Moong Vada – Food of the Gods!

Come Basant and the enviornment sprawls it’s wings…The weather takes a new path where the warm bright sunshine overpowers the dark cold winters, the birds start coming out of their hides and the surroundings is full of colorful flowers and blooming trees…The nature gets a complete makeover and we head towards welcoming bright and mystical summers… 🙂


Basant Panchami, also known as the Saraswati Day, is celebrated by the Hindus across the world with great enthusiasm and festivities. The devotees visit temples which are filled with various types of religious activities. Yellow color is given prominence on this day and people dress up in yellow garments and perform rituals. Yellow represents spiritual knowledge, increasing the significance of the festival. People eat yellow sweets and distribute the same among friends and relatives. On this occasion, people offers prayers to the Sun God and the deities associated with Ganges. [ Indian Panorama ]

In Uttarakhand, in addition to Saraswati Puja, people worship the mother earth and the crops or agriculture. Worship involves people placing cow dung heaps in the fields, and keep ears of barley and wheat on the heaps. Earthen lamps and incense are lit on the heap to signify worship to the mother god and the crops or agriculture. Ears of corn and barley are also tied to doors and windows of buildings. People eat sweet rice and wear yellow.
In Gujarat, women perform the dandya dance on Vasant Panchami which is a dance associated with harvesting, reaping and sowing. In Bihar and Bengal, people worship the plough linking the festival to a harvest ritual.


In the Punjab region, Basant is celebrated as a seasonal festival by all faiths and is known as the Basant Festival of Kites. Maharaja Ranjit Singh introduced the tradition of kite flying on Basant over two hundred years ago, which became popular in the Punjab region. Kite festivals are held in cities such as Firozpur, where children generally fly kites to mark the auspicious occasion. This has led to the festival being called the Festival of Kites or the Kite Festival. Children buy Dor (Thread) and Guddi or “Patang” (Kites) in huge quantities to fly overhead. This attracts tourism from around the world. [ Source: Wikepedia ]


Addition to this there are several delicacies which are offered to Goddess Saraswati this day… Along with flowers and clothes, in most of the communities, tradition is to offer food which is yellow in color… Yellow rice, Khichdi, Laddoos and what not.. People prepare it religiously and offer their prayers to the goddess of education… At my place i.e. Uttar Pradesh, we offer Yellow Sweet Rice and Dahi vada… Yellow rice is my personal favorite as it was cooked by my grand mom and we kids used to savor it as if it’s a dessert…And Dahi vada we prepare using Moong dal (for Vasant Panchami) in contrast with usual ingredient of Urad Dal…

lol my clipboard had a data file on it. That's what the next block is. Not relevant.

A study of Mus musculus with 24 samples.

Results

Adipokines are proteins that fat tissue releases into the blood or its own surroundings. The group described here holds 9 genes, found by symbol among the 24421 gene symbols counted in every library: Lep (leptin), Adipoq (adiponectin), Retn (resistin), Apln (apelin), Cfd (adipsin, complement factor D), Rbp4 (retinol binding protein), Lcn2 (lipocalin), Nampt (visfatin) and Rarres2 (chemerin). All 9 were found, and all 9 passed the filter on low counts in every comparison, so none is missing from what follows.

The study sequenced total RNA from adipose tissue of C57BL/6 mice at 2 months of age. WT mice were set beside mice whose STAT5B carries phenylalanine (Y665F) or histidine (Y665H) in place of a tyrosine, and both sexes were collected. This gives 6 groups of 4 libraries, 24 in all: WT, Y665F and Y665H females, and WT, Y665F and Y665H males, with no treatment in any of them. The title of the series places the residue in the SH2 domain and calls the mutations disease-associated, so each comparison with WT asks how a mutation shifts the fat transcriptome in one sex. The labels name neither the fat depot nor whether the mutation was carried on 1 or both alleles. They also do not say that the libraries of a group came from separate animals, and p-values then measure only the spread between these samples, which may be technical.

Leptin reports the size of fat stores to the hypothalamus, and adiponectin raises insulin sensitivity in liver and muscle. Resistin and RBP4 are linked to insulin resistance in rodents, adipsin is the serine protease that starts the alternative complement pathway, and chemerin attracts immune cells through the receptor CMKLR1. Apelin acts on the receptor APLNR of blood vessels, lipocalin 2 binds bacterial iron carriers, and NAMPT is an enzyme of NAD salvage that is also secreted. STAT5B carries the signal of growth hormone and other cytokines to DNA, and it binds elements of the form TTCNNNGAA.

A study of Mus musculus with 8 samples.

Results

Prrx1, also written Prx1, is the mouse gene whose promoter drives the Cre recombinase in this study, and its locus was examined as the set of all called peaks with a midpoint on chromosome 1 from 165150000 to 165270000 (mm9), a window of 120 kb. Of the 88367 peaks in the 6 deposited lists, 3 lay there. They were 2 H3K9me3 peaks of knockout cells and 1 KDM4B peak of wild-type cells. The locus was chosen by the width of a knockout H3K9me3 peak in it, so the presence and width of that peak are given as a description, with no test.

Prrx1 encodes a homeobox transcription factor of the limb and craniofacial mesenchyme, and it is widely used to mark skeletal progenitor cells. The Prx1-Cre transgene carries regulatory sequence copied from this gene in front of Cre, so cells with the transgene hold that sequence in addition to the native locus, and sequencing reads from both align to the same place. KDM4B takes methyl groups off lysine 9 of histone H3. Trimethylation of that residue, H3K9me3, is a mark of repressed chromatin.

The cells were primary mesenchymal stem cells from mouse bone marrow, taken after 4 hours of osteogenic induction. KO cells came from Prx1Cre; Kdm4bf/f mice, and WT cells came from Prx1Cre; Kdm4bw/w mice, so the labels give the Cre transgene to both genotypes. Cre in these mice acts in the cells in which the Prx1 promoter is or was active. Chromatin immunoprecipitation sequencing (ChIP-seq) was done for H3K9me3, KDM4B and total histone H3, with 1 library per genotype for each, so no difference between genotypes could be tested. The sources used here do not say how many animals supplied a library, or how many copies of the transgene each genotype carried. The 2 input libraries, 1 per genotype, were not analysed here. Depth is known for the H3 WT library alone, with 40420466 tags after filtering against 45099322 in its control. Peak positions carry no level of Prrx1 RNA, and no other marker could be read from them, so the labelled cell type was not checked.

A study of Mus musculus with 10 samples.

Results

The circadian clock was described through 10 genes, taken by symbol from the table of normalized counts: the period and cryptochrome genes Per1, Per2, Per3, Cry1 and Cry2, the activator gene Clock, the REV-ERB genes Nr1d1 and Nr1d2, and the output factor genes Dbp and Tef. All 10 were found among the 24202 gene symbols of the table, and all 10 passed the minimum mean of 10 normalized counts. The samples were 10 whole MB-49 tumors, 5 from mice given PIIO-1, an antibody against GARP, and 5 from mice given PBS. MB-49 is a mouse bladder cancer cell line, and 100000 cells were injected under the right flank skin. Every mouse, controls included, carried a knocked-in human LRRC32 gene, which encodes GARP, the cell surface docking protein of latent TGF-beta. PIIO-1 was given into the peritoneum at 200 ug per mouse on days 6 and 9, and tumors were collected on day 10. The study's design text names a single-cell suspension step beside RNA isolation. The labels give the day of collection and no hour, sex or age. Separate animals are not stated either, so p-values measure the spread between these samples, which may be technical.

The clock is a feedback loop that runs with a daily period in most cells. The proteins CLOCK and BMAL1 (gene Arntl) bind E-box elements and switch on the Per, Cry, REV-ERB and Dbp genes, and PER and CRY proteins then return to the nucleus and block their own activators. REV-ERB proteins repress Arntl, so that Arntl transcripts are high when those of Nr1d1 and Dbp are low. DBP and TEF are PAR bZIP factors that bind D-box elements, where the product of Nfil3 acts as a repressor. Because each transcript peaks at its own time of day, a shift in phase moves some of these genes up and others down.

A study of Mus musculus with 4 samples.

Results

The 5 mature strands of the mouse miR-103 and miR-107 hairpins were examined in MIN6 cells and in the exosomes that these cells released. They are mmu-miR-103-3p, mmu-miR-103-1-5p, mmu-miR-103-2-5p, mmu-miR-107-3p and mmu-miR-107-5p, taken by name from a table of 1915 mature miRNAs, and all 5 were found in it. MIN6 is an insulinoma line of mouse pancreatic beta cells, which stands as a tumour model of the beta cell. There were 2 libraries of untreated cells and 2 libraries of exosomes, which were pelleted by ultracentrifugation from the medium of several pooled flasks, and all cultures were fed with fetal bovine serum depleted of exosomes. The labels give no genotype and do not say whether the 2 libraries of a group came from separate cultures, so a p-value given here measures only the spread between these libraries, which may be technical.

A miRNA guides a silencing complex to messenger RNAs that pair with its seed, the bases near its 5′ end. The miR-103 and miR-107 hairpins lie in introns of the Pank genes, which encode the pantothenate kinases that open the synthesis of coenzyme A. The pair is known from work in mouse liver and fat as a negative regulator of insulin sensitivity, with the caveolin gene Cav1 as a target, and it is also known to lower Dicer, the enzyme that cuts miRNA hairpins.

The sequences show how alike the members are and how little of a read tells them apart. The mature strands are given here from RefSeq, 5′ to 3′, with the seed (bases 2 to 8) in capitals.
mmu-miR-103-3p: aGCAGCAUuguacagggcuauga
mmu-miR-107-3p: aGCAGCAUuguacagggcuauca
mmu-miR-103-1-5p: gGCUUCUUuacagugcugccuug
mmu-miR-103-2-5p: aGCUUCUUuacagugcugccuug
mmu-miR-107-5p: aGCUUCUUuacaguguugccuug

Serves: 4

Cooking time: 10 mins + 4 hrs dal soaking time

Preparation time: 10 mins

Ingredients

  • 2 cups Moong Dal – Soaked for 4 hrs
  • 1 handful of raisins
  • Finely chopped coriander leaves
  • Finely chopped green chilli
  • Finely chopped ginger
  • Salt to taste
  • Oil to fry

Method

  • Grind the dal well with no water
  • Mix all the ingredients together apart from oil
  • Mix well using ladel for almost 2 mins
  • If you feel that mixture is little wet, add 1-2 tbsp of Rawa / Suji
  • Heat the oil
  • Make vadas accordingly. Fry till golden in color.
  • Remove on a kitchen towel.


  • If you are serving vadas directly, keep frying them and putting them in a bowl of hot salty water. This will ensure that vadas are supersoft.
  • If not serving directly, store them in fridge in a zip lock pouch. Your vadas will be fine for almost 7-10 days. Whenever you want to serve, soak them in salty hot water for 30 mins and you are good to go.


  • Once the vadas turn soft, remove the excess water by pressing them between your palms.
  • Put them in sweet curd and arrange on plates.
  • Add curd again from top and sprinkle jeera powder, red chilli powder and salt.
  • Pour sonth ( Jaggery – Tamarind dip ) and green chutney ( Corriander – Spinach dip).
  • Sprinkle green coriander leaves and serve chilled.


For more discussions feel free to follow my Food group – From the diaries of Great Cooks!